By Chelsea Kemp, Local Journalism Initiative Reporter
Published Oct 31, 2021
The Community Wellness Collaborative is gaining momentum in Brandon and is ready to take on its first official project — establishing a “sobering centre” for the community.
Community Wellness Collaborative (CWC) chair Kim Longstreet said the sobering centre is building on the group’s goal of working collaboratively with stakeholders to create a healthier community. Collaborators of the CWC believe the intersectional challenges faced by the community will require innovative and transformative actions to complement existing services.
“When people think of wellness they think of health right away, but I like to remind people that wellness in a community means … how you treat your community as well,” Longstreet said. “We know this is the right way to go. Wellness is a term that everyone is using. We have to learn to treat people better and treat people properly. It doesn’t matter what [setting you’re in].”
The group recently completed its official terms of reference and is now working to establish a set of bylaws and hold an official election. The next step will be refining the vision for the sobering centre.
Longstreet said the CWC’s hope is that while people are at the centre, it could possibly play a role in helping them progress towards getting help and treatment by pointing them towards different community services.
There has been an ongoing conversation over the last four years about the importance of collaboration between service providers to contribute more effective and holistic offerings in the committee. The sobering centre will serve to enhance this vision.
The centre will also be a place of safety where people can go for help because they will not be turned away for being inebriated.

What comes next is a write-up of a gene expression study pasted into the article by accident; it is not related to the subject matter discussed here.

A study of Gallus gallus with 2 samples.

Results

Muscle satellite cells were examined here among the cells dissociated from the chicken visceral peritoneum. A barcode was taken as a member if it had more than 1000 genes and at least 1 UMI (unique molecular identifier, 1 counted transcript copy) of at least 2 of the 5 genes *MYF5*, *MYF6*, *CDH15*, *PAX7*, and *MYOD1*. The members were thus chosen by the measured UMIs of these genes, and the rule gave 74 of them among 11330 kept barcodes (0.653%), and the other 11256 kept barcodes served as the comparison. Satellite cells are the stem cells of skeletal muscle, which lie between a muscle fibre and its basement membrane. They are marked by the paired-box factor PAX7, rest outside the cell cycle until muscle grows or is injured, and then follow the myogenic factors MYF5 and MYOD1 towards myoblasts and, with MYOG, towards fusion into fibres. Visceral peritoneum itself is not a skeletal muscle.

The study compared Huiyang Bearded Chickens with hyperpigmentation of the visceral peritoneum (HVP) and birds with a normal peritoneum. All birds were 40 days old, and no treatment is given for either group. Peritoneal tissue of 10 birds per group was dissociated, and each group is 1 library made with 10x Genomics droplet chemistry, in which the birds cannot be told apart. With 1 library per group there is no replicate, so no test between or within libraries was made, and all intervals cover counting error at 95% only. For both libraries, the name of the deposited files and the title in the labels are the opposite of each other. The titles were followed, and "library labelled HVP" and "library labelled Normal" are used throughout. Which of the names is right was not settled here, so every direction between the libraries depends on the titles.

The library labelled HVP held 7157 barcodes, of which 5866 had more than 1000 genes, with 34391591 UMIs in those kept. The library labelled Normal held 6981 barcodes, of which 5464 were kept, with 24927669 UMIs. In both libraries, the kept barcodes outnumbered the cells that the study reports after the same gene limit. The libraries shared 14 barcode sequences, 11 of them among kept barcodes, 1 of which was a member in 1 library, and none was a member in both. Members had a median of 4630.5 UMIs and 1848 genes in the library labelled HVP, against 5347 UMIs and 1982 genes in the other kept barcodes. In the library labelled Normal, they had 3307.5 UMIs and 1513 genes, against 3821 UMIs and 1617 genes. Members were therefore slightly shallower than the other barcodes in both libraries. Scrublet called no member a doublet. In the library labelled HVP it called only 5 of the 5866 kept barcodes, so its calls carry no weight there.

Longstreet said the Manitoba Department of Justice has earmarked about $2 million for the project to ensure it moves ahead.
The CWC will serve as a go-to spot where people in need can access help through the process of dealing with social services. Longstreet said the group is centred on wellness as a whole and offers people stigma-free support.
“It’s all about wellness. Whether it’s mental health wellness, community wellness — everybody matters” Longstreet said. “It’s [developing] healthy minds, healthy community, healthy relationships.”
She appreciates the support the group has received from the community and is excited to show people what is possible when different social organizations work together. The group’s ongoing dialogue regarding wellness has also involved working with the government to better understand how community wellness, including addictions and mental health, can be better approached.
“A lot of people when they are in, say a meth psychosis, they’re going to [the] ER because they’re feeling desperate feelings of suicide and all these other feelings are happening. ER is not the right place for that,” Longstreet said. “If they came to a sobering centre, where there are people who had the time, and the understanding, and the skills to be able to manage that, they’re taking off the burden [from the ER].”
She added the facility will also serve to ease the burden on Brandon Police Service who are often forced to pick up those in distress due to substance abuse.
Longstreet has been talking to a facility in Thompson that received funding for a sobering centre. The centre includes a special type of officer which has been put in place at the facility, who has the authority to bring people to the sobering centre without police intervention.
“These are people who are not causing a community disruption. These are people who obviously need a soft place to be,” Longstreet said.
Once the sobering centre is in place, the CWC is hoping to see additional beds brought to Brandon for detox and social living situations.
Longstreet said doing so would help create a full circle of services that support sobriety, rapid access to addiction medicines, treatment, sober living and integration in the community.
“We basically almost have everything we need here, we just need it to work together better,” Longstreet said. “That’s where the Collaborative will be able to do that in the community and have [those] open, honest, transparent conversations about how we can provide service in a meaningful way that is … going to enhance and add to what we are doing.”
This item is reprinted with permission from Brandon Sun. See article HERE.